In conjunction with our free Webinar “Assessing Your Market for Education Products,” we released the Market Insight Matrix, a tool for managing a rigorous but still practical market assessment process to identify learning products that will address market needs.
One of the asking activities you can use to assess your market is the tried-and-true focus group.
But are you getting the most out of your focus groups? We have five tips to help make sure you do.
- Make sure the sample is representative.
To find the right participants for a focus group, you have to know want to know and who you need to know it from. For example, using conference attendees for your focus group may be convenient, but chances are pretty good that your conference attendees constitute a skewed audience—unless you’re an outlier, most of your members probably don’t attend your conference.
- Invest in a skilled facilitator.
It’s worth having (a) an outsider, to encourage full honesty among participants and to remove bias on the facilitator’s part, and (b) someone who really knows how to steer the discussion to lead toward your objectives.
- Pay attention to the influencers.
You might hear folks argue that influencers dominate the conversation—but that happens out in the market as well. You want to observe and learn from this dynamic at play in your focus groups.
- Be open to chasing rabbits.
This ties back to the second tip. A skilled facilitator won’t rigidly adhere to a stock set of questions—focus groups aren’t quantitative research anyway. If the conversation goes in a useful, but unanticipated direction, go with it.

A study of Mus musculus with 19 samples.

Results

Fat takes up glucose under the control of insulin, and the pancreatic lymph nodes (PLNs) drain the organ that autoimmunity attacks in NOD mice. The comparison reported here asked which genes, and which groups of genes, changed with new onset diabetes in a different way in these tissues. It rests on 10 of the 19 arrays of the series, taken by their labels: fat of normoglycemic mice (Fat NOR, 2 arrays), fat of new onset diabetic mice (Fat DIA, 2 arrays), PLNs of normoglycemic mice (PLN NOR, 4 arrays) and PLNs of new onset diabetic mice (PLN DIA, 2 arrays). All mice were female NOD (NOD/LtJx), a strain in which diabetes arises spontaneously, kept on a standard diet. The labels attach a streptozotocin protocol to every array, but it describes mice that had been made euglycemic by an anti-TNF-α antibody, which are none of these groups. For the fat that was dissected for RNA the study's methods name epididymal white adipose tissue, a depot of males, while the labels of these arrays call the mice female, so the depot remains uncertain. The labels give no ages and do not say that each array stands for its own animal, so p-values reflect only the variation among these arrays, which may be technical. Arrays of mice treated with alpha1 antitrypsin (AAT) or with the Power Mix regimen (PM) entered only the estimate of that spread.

- Focus on generating, rather than proving, theories.
Analyze the results of focus groups to generate theories about your market that can then be tested. You shouldn’t be looking for hard answers from the focus group session; you should be looking for theories to test out in the market.
The Tip of the Iceberg, or Just a Square in the Matrix
Focus groups are complex beasts, and these tips are just a gloss on the full process. But the tips are a good reminder of how to focus your use focus groups to get the most out of them.
And, of course, focus groups are just one example of one kind of activity you should be engaging in to best know what education products will do well in your market.
I recommend the Market Insight Matrix as a tool for organizing your efforts and ensuring you aren’t making your decisions about which education products to build based on information that’s too limited.
P.S. Our next free Webinar is focused on the allusive art of pricing. You can see our upcoming Webinars and find registration links at www.tagoras.com/webinars.